Tips for Passing a HIPAA Audit: Best Practices for Covered EntitiesOnline Tech
December 13, 2011 — 1,073 views
Are you on the hook to undergo a HIPAA audit, but you're not quite sure where to start? Online Tech recently passed a HIPAA audit of our Michigan data centers, giving us the ability to offer HIPAA compliant hosting solutions to healthcare organizations that need to pass HIPAA audits of their own. Avoiding hefty fines and collecting federal incentives are major motivators of the healthcare industry to adopt electronic medical record (EMR) systems, in accordance with the Health Information Technology for Economic and Clinical Health (HITECH) Act.
Our HIPAA audit means that a certified, independent auditor reviewed each paragraph of the HIPAA statute and confirmed that our processes and procedures were aligned with the standards. There are 19 HIPAA standards with controls stipulated in HIPAA version 1.2.1, and 54 HIPAA citations, including the complete set of 136 audited components.
An example of a high level HIPAA citation compliance checklist can be seen to the right – we are found to be fully compliant by each safeguard's standards and citations.
For each Administrative, Physical and Technical safeguard, there are a number of standards that a covered entity (CE), or business associate (BA) must pass to complete an audit.
A BA provides a service for a CE, and may need to access PHI. Although Online Tech never accesses PHI under any circumstances, it is common in the IT and hosting provider industry to sign a Business Associates Agreement (BAA) that codifies their commitment to follow HIPAA rules.
What are some best practices that you, the CE, should do to help with passing your audit?
- Document data management, security, training and notification plans.
- Use a password policy for access.
- Encrypt PHI, whether it is in a database or in files on a server. Although not required by HIPAA, it is strongly suggested and considered best practice to do so while stored in the database, and especially during transmission. More encryption considerations:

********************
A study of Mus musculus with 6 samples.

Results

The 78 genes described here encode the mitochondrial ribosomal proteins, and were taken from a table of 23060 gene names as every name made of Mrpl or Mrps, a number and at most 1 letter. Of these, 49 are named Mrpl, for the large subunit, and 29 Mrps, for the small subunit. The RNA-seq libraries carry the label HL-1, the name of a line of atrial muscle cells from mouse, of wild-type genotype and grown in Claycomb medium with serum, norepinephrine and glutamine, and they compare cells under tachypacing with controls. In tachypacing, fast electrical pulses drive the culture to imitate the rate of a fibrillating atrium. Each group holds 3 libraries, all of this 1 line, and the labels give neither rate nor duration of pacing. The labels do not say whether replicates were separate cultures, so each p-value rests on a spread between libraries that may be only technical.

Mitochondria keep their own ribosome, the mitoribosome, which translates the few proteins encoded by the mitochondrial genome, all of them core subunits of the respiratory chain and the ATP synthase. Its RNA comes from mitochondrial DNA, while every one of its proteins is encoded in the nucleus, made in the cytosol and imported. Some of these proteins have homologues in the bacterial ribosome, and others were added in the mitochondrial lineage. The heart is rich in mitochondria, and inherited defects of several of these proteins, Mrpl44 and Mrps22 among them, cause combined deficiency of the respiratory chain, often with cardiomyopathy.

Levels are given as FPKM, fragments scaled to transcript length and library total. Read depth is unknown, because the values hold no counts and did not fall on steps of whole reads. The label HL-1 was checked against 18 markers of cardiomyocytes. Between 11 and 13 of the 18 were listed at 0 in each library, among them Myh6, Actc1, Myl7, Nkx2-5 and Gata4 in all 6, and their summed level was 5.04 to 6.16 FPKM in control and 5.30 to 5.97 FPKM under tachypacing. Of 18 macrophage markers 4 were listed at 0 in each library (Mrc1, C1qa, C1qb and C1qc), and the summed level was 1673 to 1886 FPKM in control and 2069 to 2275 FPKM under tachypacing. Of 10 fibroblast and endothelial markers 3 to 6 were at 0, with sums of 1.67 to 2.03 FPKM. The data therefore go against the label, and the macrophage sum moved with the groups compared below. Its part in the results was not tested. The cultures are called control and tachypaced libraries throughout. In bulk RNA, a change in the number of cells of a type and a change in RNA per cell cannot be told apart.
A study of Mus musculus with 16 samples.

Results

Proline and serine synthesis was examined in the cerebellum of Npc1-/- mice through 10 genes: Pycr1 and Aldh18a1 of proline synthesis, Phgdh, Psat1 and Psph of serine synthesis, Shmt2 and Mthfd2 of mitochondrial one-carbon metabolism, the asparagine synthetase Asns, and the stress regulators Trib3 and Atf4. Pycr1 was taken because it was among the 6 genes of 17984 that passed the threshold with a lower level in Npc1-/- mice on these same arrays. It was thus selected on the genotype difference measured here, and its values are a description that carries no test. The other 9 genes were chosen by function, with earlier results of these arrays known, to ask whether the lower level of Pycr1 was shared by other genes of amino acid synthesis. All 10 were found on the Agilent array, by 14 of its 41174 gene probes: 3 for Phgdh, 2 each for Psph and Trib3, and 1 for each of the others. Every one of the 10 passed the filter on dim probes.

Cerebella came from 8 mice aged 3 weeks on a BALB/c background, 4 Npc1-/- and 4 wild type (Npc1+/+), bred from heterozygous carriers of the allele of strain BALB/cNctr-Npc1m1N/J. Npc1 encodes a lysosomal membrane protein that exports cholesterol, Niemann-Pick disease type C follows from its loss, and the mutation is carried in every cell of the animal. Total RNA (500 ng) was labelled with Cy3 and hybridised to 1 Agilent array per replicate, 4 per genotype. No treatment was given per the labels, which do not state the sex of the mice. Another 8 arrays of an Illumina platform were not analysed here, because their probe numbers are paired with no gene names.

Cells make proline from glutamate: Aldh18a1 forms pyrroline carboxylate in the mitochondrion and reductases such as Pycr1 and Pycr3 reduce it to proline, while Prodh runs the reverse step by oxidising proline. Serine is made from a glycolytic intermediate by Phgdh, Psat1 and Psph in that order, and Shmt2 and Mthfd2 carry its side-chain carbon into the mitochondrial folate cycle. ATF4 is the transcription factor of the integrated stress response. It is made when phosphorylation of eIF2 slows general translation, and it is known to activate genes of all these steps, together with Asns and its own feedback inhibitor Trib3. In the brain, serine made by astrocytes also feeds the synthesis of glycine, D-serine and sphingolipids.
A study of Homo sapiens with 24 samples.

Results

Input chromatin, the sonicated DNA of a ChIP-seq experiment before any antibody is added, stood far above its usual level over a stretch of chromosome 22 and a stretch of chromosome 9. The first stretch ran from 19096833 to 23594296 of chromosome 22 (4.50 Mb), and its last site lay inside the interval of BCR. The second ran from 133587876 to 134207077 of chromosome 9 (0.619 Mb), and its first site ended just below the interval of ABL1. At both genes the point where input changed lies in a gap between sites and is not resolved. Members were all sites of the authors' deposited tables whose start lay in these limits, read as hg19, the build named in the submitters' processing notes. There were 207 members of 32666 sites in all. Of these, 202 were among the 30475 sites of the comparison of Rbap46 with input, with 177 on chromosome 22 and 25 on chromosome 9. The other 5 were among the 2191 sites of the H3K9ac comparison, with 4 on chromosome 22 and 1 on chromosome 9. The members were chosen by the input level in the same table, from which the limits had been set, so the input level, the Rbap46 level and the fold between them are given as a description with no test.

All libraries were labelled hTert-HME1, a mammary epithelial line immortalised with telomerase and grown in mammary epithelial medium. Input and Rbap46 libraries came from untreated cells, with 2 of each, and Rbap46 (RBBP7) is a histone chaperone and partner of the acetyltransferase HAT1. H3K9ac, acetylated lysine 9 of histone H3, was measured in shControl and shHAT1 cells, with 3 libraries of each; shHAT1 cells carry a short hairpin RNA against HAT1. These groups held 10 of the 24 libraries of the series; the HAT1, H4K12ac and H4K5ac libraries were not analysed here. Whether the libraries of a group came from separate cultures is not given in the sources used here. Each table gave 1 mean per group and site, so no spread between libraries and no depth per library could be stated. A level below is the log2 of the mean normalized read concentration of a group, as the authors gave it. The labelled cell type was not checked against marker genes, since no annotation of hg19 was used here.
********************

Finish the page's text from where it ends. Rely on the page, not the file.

- Always use SSL for web-based access of any sensitive data.
- Encryption techniques and mechanisms of sensitive information should be known to only a select few.
- Content such as images or scans should be encrypted and contain no personally identifying information.
- Don't use public FTP – use an alternative method to move files.
- Only use VPN access for remote access.
- Use login retry protection in your application.
- Document a disaster recovery plan.
- Save money and time by hosting with a company that already has a BAA in place – that way your auditor can review the document instead of conducting another audit on top of yours.
One important distinction between a business associate's audit and a covered entity is that as a healthcare organization dealing with PHI, you still need to undergo an audit to check your company's processes and procedures. Your IT company may provide the technology to transmit and store your patients' PHI, but you are still held accountable by HIPAA standards.
With federally funded audits planned through the end of 2012, it's advisable to begin the EMR and audit process now, if you haven't already started.
Need more HIPAA compliance information? Read more about the features of a HIPAA compliant data center.
Online Tech (www.OnlineTech.com), the Midwest's premier managed data center operator, serves a growing demand for data and computing capacity in small and mid-size businesses. Through its high availability SAS 70 data centers, Online Tech delivers a range of hosting services including colocation, managed dedicated servers, private cloud hosting, and disaster recovery. Online Tech's Michigan data centers operate under SSAE 16 compliance, allowing its clients to meet all of their PCI compliant hosting, HIPAA compliant hosting, and SOX compliant hosting needs. For more information call (877)740-5028.